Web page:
Sunday, February 20, 2011

Another Unhappy Marriage?

+JMJ+

Nick Joaquin gives us another look at marriage in our second short story for February: The Summer Solstice.

I wasn't actually going to introduce this as a story about marriage--although, after May Day Eve, of course that is what it looks like. What I wanted to do was mention Joaquin's fascination with the way pagan and Christian traditions have fused together in Philippine culture, to the point that they are as impossible to tear asunder . . . kind of like a husband and wife. =P

Obviously, the text itself bears out the marriage imagery, with Lupeng and Paeng's union becoming a kind of microcosmic expression of the tension between the cult of the Tadtarin and the devotees of St. John the Baptist.

In the May Day Eve discussion, Emily described the story as "another depiction of an unhappy marriage"--which rather surprised me. I've always seen Lupeng and Paeng as an ordinary couple: no longer ecstatically in love, perhaps, but not likely to separate, either. She's very restless in this story, and maybe she has been restless for a long time but just doesn't know it until she sees their driver uncharacteristically afraid of the wife he usually beats on a whim. It awakens something subversive in her--and then the attentions of the shallow Guido, who claims to find the old and overweight Tadtarin beautiful, make it worse.

Meanwhile, in space of three days, the celebration of St. John's Day, which is the "masculine" festival of the story, is swallowed up by the celebration of the Tadtarin, which Joaquin seems to say is the former's feminine counterpart. They are in a marriage in which there are only two options: the female submitting to the male's whip . . . or the male crawling on the floor to kiss the female's feet.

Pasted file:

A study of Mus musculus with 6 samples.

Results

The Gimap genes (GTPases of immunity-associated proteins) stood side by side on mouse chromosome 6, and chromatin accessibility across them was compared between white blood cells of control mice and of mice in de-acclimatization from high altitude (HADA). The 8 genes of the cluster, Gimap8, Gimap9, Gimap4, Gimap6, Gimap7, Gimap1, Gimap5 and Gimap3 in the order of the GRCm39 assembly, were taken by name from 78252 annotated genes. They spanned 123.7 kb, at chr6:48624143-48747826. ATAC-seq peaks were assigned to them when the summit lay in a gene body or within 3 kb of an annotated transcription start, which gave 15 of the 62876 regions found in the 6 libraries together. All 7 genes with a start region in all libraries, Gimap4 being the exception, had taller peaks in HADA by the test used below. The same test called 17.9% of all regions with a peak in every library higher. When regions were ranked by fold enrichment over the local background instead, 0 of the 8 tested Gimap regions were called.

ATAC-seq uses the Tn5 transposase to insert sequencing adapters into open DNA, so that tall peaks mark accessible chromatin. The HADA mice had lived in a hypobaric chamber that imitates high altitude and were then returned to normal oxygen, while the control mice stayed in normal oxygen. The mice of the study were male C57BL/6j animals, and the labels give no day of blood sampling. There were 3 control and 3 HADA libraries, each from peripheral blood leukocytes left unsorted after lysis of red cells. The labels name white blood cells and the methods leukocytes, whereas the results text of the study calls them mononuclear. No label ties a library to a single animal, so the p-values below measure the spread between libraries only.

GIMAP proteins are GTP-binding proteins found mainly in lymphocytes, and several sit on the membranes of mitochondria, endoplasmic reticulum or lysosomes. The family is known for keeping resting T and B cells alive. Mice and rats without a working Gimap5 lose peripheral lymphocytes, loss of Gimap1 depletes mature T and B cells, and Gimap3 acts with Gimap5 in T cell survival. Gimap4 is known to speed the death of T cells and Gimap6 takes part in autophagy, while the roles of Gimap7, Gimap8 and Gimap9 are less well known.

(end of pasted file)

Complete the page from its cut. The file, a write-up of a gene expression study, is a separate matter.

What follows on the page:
Not that it's much to worry about. I'm sure that by the next day, all the "possessed" couples are back to "normal."

2 comments:

Emily J. said...

Perhaps the scene where Lupeng forces Paeng to kiss her foot stood out as particularly disturbing because I had just finished reading Dorothy Sayers' Gaudy Night in which Harriet carries on and on about wanting a marriage of equals, not just an equality of class, money and education, but also of psychology, so that one partner never resents or envies the other. Lupeng and Paeng may have a very typical and functional relationship, but it doesn't seem to be one of mutual respect. The primal Tadtarin festival seems to draw out Lupeng's natural strengths, while Paeng seems to be the type of man who can only be powerful by denying the strengths of others, rather than the type who can lead because he recognizes the value of his entourage - the opposite of the real John the Baptist, who readily recognizes One mightier than he. Perhaps the same sort of power play is what is going on in North Africa right now.

I would not like to be sharing their breakfast table, although I can easily imagine that you are right, E, about them going back to life as usual.

Enbrethiliel said...

+JMJ+

Emily, now that you bring it up, I wonder whether Paeng actually is mirroring St. John's deference to One mightier than himself--the "One" in this case being Lupeng. And how it plays out is quite a reversal of what Christianity is all about. Maybe a direct reversal of what we see when the sinful woman washes Jesus feet with her tears.

In the Gospel account, we can guess that the woman's sin is of a sexual nature. But the penitent quality of her actions means that they are not sexual actions: the act is not meant to be a "turn on." In stark contrast, any sins Paeng might have committed against his wife are likely more social than sexual. (Forbidding her to go places, for instance.) Yet the only apology she will accept is a sexual one.